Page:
So let’s think about the ABCs of attracting diverse talent - the job description. How can you make it more effective and inclusive?
Masculine language attracts masculine candidates
The problems with language used in job ads have recently been coming to light. Language can be subtly “gender-coded”, without us even realizing it. Societal expectations of people vary according to their gender, and that seeps into the language we use.
Researchers from the University of Waterloo and Duke University conducted a number of studies on this topic involving word manipulation of 4,000 job advertisements and a series of empirical studies. Their conclusion?
‘Masculine wording in job advertisements means women applicants feel a reduced sense of belonging and are less likely to be interested in the role’
Women might simply feel they don't belong in that role if the words used to describe it are ones they do not often identify with - words such as “aggressive”, “competitive”, “independent”.
The solution? Use gender-neutral language in job ads.
Women felt far more qualified for positions with neutral or feminine language in the job description compared to one with a description with masculine characteristics. Interestingly, no effect was found for men - they applied regardless of the language used. Having gender-neutral language and characteristics could promote equality and encourage women and other genders to apply.
It’s also been found to be helpful to use behaviours and verbs (e.g., doing words such as “managing”, “leading”, “creating”) rather than nouns (“manage, “lead”, “create”) or adjectives (“manager, “leader”, “creator”). Researchers from the Netherlands found that changing the format increased the chances of women applying. Again, there was no impact on the number of men who applied. Meaning? Men apply for those roles regardless of format or language.
Gendered language and leadership positions in job descriptions
This rings particularly true for adverts for leadership positions. Unfortunately, the perception of leadership is still associated with traditional models of masculinity. Therefore, leadership identity is based around traditionally male traits and that can lead to women or other genders not identifying with it and not viewing themselves as managers.
Researchers at the University of Bern found that “women judged themselves as less suitable for the leadership position than men and participants' self-reported agency mediated this effect”. Simply put: gendered language feeds into women’s beliefs that they aren’t managers; men feel that they can be leaders so that helps motivate them to apply for the job.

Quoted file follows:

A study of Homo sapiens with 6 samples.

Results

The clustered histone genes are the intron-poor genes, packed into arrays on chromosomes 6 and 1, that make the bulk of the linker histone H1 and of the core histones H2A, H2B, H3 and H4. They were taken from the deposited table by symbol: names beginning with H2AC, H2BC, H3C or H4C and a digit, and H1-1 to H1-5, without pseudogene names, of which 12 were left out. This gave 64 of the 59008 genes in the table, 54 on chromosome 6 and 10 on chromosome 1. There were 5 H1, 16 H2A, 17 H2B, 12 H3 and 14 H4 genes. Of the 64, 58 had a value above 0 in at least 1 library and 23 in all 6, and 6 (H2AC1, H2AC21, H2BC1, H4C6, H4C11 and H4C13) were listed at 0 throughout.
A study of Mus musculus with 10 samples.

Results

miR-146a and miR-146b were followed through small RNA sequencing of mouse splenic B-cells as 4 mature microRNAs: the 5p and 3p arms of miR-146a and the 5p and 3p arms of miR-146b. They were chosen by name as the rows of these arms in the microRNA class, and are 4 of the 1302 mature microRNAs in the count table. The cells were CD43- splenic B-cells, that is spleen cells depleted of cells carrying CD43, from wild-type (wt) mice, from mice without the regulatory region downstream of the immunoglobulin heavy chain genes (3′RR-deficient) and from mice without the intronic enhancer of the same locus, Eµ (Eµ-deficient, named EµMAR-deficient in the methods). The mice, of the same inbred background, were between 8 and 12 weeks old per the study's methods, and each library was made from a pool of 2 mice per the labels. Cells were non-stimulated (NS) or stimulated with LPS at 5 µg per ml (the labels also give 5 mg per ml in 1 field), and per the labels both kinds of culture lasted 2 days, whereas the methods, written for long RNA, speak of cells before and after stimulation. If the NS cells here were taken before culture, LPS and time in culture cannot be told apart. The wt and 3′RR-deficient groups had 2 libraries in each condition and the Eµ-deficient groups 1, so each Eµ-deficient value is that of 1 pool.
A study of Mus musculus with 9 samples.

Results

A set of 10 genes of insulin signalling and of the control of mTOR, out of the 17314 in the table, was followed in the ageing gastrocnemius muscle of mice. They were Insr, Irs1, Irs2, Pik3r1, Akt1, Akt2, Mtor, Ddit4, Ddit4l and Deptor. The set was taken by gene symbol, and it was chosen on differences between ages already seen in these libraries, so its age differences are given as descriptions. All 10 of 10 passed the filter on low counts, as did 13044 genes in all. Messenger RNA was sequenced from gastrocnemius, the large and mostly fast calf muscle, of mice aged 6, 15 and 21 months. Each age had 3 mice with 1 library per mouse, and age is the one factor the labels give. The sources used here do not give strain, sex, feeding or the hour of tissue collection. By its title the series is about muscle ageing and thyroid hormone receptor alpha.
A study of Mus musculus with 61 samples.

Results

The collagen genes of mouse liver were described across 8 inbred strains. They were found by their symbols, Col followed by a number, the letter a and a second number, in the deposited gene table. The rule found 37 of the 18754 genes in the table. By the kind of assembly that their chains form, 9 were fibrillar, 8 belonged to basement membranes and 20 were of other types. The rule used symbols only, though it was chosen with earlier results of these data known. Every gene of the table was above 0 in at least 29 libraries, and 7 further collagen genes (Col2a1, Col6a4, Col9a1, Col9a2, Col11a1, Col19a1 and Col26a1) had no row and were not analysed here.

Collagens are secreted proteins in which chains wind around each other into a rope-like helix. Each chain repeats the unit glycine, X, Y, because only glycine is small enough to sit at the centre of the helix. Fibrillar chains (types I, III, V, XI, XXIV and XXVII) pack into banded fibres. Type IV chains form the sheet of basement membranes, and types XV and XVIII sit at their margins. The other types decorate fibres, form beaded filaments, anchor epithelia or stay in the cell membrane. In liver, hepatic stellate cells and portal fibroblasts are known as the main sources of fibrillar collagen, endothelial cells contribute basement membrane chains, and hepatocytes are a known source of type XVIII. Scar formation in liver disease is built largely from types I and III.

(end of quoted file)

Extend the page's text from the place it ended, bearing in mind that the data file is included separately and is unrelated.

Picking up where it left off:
How wish lists can decrease diversity in a job description
We know that women don't apply for jobs unless they feel they are fully qualified. We also know how a requirement for a certain number of years of experience could be increasing bias in your recruitment process.
What can you do about it in your job advert to decrease the chances of that happening? Stick to the essentials when you’re writing the requirements for the role.
Kajsa Asplund, Ph.D. and expert in talent management says,
“The more your list of requirements reads like a wish list, the higher the risk that you lose out on diverse talent.”
“Candidates from groups that are underrepresented in a certain role or industry tend to be more hesitant to apply when they don't tick all the boxes, whereas a majority candidate often applies anyway.
Many of the things we put on a requirement list can actually be learned on the job. A good rule-of-thumb is to ask yourself: 'Which of these things did our current high performers master when they entered?' Chances are, you'll realize those things are fewer than you think. What characterizes high-performers is rather that they learn along the way.”
Another tip - along with keeping it minimal in the list of requirements, be proactive and make it a point to encourage people to apply even if they don’t fit the bill 100%.
How your employer brand can help attract diverse candidates
Transparency with candidates is quickly becoming a necessity and your organization’s stance on Equity, Diversity, and Inclusion is no exception. 78% of job seekers say they want to work for companies that value diversity. and in today’s talent market you need to be looking to all avenues to increase your resilience. Include your organization’s EDI statements in the ad in order to let the candidates know what your EDI goals are and how you’re working towards them.
Showcase how your processes and policies are inclusive - for example, what measures have you taken within your recruitment processes to decrease the possibility of bias? What is your parental leave policy? What is your stance on working from home?
Use concrete examples of how your company has built a culture of inclusivity to encourage diversity. This will also help paint a picture for the candidates about the type of work environment that likely exists within your organization.
Lastly, actively encourage people with diverse backgrounds to apply - with a personalised touch. If you have your core company values, include them to help you define why you encourage people from all walks of life to apply.
Those were examples of what you could do to showcase your brand in the job ad - and you need to have worked upon your employer branding before you do so.
Long story short?
Increasing diversity won’t happen with one magical change. In order to attract and retain all types of talent, you need to take concrete steps towards being an equal opportunity employer in order to get the EDI ball rolling.
Including these foundational principles in your job ad is one such step with which you will be increasing your chances of attracting diverse talent. Sourcing candidates appropriately will be your next challenge to tackle but starting with an inclusive and effective job ad is a strong start.